Painful Pleasure

A happy man is walking through the snow. It is horribly cold in the arctic desert. The ice is burning in his face leaving a biting and delightful pain. He is enjoying every moment. He is not a masochist; he is on his way.

A man is sitting in his nicely furnished house, half asleep in his comfy chair. The automatic heating system makes the temperature just right, his stomach is full and he has no complaints; only one – he is not happy.

One feels the pain and is pleased. The other is without pain, but suffers. Where is the fallacy?

The words are to blame, meaning one thing and then another. Our habit is the culprit, telling us what to do before we have thought about it.

If pain only means the physical sensation of a sting or a burn or an ache, then it doesn’t always make us suffer. But if pain is simply suffering, then our hero in the snow cannot be happy. Maybe that is how the comfortable man is reasoning. Pain can only mean suffering, he thinks, adjusting his cushion. Or maybe he doesn’t think at all as life has taught him to choose the path of least resistance.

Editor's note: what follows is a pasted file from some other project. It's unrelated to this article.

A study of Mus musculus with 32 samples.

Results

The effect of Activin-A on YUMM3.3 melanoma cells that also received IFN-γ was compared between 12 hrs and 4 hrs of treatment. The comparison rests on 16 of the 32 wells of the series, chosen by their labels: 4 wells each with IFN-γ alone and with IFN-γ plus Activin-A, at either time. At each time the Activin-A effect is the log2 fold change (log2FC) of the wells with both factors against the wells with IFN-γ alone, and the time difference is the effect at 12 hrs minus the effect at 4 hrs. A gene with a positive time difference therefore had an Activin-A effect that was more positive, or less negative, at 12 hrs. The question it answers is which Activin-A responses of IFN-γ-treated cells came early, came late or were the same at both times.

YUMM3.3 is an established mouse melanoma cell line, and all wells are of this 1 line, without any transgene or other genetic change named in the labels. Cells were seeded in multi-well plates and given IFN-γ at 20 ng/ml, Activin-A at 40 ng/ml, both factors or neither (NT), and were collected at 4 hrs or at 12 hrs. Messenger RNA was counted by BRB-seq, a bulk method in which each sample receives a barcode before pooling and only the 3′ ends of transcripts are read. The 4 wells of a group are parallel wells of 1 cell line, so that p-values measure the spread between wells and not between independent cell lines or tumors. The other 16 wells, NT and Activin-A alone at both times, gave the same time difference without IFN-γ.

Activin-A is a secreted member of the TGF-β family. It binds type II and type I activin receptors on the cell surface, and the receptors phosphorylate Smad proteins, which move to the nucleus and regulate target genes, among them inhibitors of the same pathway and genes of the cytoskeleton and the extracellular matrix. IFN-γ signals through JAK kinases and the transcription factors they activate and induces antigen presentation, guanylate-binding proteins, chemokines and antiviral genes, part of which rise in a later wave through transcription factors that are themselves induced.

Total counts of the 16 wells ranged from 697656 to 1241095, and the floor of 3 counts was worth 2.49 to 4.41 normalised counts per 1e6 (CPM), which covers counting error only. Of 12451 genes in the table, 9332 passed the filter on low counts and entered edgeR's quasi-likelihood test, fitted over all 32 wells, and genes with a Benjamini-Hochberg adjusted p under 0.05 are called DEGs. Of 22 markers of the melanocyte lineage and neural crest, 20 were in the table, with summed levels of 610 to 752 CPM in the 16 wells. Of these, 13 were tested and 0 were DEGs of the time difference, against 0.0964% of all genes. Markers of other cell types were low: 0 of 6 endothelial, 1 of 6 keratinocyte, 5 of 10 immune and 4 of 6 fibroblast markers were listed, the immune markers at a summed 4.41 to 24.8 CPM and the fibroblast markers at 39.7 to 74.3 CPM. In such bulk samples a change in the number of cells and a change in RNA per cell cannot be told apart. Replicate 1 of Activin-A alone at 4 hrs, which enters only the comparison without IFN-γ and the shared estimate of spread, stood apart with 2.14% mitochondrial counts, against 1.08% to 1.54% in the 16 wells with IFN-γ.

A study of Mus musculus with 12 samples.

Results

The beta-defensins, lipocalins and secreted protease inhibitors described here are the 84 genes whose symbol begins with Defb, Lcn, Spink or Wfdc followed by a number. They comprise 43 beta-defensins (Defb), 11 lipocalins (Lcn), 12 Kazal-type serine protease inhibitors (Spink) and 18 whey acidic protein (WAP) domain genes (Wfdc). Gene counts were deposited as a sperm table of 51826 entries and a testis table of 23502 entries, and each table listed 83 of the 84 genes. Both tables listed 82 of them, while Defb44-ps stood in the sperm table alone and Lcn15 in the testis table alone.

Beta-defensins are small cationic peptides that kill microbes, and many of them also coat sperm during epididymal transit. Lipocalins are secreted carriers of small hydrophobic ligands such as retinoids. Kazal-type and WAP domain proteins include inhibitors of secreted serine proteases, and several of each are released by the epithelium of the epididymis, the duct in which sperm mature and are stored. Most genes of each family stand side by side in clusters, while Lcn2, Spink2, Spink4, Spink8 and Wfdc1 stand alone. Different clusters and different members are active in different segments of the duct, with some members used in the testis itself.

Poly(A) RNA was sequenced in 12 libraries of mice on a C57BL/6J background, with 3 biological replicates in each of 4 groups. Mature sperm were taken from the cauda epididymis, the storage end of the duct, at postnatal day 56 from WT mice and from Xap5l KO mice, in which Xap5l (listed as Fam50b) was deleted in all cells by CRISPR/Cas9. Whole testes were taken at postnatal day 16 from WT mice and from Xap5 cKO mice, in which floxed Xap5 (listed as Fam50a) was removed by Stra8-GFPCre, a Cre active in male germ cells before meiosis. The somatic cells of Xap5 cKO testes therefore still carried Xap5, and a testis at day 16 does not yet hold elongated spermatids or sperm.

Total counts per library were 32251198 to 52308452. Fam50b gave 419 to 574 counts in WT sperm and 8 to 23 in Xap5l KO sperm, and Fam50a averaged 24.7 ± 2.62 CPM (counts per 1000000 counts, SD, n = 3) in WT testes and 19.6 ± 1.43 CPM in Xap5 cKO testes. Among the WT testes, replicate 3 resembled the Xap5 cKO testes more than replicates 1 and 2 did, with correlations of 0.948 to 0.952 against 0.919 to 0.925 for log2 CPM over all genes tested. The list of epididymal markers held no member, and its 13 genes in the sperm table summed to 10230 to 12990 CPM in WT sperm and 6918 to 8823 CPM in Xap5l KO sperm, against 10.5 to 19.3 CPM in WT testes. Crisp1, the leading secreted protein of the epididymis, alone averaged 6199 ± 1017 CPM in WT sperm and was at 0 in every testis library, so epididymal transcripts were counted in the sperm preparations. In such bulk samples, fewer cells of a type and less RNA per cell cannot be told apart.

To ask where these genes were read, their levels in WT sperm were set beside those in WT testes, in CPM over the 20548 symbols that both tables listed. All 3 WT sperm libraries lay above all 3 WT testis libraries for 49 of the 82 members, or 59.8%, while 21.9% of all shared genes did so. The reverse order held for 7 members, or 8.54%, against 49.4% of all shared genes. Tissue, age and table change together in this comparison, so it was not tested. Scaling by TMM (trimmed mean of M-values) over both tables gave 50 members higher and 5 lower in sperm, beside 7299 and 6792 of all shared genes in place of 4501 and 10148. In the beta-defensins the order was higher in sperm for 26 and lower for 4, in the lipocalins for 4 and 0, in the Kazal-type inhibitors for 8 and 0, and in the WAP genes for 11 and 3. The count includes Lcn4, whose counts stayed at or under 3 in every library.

Avoid pain and seek pleasure, that’s the real motto of that arctic adventurer and no one is working harder than him on his mission. He is struggling to reach that goal and succeeding every moment. He knows how to feel strongly and intensely and feeling is the essence of pleasure. As for pain, he shuns it and dreads it, fighting through the wilderness to escape the mental agony of being paralyzed in a comfy chair.

Pleasure is happiness, pain is misery, but we need to know where to get the real thing. Nothing is given for free and “the unexamined life is not worth living”, a wise man said.

A lonely creature in the snow is persistently searching for his life and finding it through painful pleasure.